The 2020 season has been completely unlike any other. All kart races on French soil have been cancelled in the wake of the latest government decisions. However, the world championships in the OK and OK-Junior categories will go ahead as scheduled, unless there is some last-minute upset, next weekend (6-8 November) at Portimao in the south of Portugal. Arthur Rogeon from the Pays de la Loire region is one of France’s hopes in the Junior category, and he is already on the spot like the majority of his rivals in this eagerly-awaited world championship event. In the Algarve he raced in the second and last round of the Champions of the Future Series to play himself in. Make no mistake, the Exprit Racing Team driver is primed and raring to go!
Without the pandemic the world championship would have taken place in Brazil and not Portimao. The paddock regulars could have found themselves in a much worse location as the circuit is well situated and very hospitable. The Kartodromo was built beside the race track that hosted its first F1 Portuguese Grand Prix on 25th October. Last weekend, it echoed to the sounds of the prototypes and GTs in the European Le Mans Series and in less than three weeks it will be the turn of the MotoGP riders to test their skills on the 4.692-km Portuguese layout.
In free practice Rogeon was penalised by the obligation to run in three engines, which effectively took up three of the six sessions allocated to prepare for the timed laps. So how do you run in a kart engine? “During the ten minutes that a practice session lasts you build up speed and lift off less and less frequently and you end with a flat-out final lap.” Arthur qualified 26th out of 89 competitors and just a few hundredths of a second less would have given him a place just shy of the top 10.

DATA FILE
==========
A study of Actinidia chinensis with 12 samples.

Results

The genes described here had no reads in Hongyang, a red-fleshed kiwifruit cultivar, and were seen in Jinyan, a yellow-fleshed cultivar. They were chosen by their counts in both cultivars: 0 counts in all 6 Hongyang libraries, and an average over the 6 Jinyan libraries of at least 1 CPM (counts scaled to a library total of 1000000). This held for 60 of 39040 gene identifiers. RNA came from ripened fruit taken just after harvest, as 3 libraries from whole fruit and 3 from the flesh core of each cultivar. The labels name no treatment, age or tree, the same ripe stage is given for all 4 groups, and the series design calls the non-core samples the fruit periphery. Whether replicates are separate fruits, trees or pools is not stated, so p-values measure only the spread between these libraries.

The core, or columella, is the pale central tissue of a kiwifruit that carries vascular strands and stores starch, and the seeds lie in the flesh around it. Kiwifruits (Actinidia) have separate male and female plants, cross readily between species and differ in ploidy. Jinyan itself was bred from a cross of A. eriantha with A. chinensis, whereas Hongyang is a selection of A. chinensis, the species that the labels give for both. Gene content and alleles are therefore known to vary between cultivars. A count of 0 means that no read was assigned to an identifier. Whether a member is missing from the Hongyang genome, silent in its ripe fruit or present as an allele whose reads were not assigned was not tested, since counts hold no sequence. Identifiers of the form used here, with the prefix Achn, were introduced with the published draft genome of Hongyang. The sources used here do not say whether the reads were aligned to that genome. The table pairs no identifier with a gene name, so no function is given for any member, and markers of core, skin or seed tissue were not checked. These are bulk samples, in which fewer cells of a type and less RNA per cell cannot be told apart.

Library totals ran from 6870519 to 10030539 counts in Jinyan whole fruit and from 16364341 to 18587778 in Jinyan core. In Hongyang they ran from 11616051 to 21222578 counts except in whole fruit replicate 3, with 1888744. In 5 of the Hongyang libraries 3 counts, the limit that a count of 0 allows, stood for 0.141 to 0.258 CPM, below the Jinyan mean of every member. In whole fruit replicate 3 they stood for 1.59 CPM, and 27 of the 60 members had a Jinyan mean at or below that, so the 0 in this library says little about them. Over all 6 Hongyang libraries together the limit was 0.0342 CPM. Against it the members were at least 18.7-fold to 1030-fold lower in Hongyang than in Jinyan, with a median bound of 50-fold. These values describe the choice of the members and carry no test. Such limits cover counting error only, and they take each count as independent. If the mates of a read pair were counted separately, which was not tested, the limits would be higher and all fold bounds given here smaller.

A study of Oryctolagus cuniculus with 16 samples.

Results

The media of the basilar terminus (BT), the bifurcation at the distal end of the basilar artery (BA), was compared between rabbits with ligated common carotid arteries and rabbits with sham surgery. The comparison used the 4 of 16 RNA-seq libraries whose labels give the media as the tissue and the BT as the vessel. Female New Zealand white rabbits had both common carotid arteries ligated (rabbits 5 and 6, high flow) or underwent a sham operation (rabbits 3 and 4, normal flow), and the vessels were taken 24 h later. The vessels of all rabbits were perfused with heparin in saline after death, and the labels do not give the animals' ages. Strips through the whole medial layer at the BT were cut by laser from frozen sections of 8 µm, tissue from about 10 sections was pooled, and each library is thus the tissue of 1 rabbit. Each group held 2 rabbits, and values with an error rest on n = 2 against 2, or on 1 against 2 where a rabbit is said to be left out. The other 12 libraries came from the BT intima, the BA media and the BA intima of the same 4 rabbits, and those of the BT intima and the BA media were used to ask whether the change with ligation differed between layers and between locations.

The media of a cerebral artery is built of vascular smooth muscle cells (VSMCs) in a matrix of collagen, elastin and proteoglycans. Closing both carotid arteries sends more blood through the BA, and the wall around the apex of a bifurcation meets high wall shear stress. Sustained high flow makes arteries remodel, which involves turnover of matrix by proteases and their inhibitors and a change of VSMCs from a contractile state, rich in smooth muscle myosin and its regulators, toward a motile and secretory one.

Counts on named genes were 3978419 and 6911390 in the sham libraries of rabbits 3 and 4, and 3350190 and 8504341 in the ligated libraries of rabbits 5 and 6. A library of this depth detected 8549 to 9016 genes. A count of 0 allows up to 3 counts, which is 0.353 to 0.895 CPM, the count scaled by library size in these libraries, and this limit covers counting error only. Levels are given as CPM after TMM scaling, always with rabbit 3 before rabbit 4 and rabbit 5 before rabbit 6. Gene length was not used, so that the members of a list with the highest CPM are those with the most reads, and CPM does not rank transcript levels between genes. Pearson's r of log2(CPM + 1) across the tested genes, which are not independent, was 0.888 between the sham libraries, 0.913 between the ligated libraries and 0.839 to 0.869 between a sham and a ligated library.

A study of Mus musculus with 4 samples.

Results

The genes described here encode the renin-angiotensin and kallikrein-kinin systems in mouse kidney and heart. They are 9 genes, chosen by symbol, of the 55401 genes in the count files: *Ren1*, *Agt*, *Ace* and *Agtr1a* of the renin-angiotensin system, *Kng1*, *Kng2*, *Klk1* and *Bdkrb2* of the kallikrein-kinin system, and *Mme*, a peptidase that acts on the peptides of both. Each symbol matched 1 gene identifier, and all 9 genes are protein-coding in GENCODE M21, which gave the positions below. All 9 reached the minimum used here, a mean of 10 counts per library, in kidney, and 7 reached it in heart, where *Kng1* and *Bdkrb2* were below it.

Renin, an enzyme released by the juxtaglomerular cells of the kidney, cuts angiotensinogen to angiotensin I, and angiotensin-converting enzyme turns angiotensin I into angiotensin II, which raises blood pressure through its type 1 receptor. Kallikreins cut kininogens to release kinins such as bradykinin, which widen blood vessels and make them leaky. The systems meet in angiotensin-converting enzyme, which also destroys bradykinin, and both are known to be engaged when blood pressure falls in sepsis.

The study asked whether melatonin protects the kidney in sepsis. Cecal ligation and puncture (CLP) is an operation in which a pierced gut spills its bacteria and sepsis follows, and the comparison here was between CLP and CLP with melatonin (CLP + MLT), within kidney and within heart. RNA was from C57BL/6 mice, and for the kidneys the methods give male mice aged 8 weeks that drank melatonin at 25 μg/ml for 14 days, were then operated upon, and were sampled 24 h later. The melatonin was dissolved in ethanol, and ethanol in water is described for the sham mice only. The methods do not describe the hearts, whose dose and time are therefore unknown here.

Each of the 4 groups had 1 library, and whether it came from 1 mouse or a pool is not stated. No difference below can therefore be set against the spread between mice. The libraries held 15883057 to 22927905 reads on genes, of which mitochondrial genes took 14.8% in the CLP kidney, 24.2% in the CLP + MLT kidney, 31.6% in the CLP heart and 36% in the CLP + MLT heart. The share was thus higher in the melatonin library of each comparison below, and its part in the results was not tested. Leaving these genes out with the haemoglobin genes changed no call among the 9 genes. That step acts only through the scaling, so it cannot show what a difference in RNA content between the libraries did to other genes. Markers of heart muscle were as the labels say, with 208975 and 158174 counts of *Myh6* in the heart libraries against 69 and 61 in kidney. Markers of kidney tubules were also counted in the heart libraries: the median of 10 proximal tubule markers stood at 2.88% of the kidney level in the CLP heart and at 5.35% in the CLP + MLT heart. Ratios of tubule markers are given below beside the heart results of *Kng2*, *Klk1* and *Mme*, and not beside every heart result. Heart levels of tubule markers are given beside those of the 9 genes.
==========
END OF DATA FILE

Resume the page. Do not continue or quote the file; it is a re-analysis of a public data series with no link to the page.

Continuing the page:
In the first heat on Friday afternoon he was the victim of a pretty scary crash. “I was pushing hard behind Romain Andriolo when a driver’s engine seized in front of him. He had just enough time to swerve, but I saw the obstacle at the very last second and couldn’t avoid it. My chassis was completely twisted and I was bruised all over.” Arthur wasn’t sure of being able to continue. However, the organisation’s doctor gave him the green light after seeing that everything was okay in Saturday morning’s warm-up session.
The team did a good job prepping a replacement chassis and Arthur put on a heroic performance by taking part in the last four heats and moving up the timesheets in each one. His fifth place in the fourth one really underlined his combativeness. The fifth and last heat wasn’t too bad either. “I could have won this one despite being ninth on the grid. I was second after the start and just afterwards I dived inside the leader to take him by surprise but he pushed me off onto the grass. I tried to do the same thing a second time. He reacted in the same way and this time several drivers got past me and I finished sixth.” Talk about fighting spirit…
From 17th spot on the pre-final’s grid he fell back to 22nd after being rear-ended, which damaged his bumpers that started to rub against a wheel. The final began with a collision, but Arthur gritted his teeth and was eventually classified in 21st place. Cumulating this with his results in Zuera in July gave him 12th place in the Champions of the Future Series’ final ranking.
A reminder that the first FIA Karting World Championship title of the year (in the KZ 125cc gearbox category) went to a Frenchman, Jérémy Iglesias. This triumph is the stuff of dreams of more than one of his fellow-countrymen, including a young guy from Laval!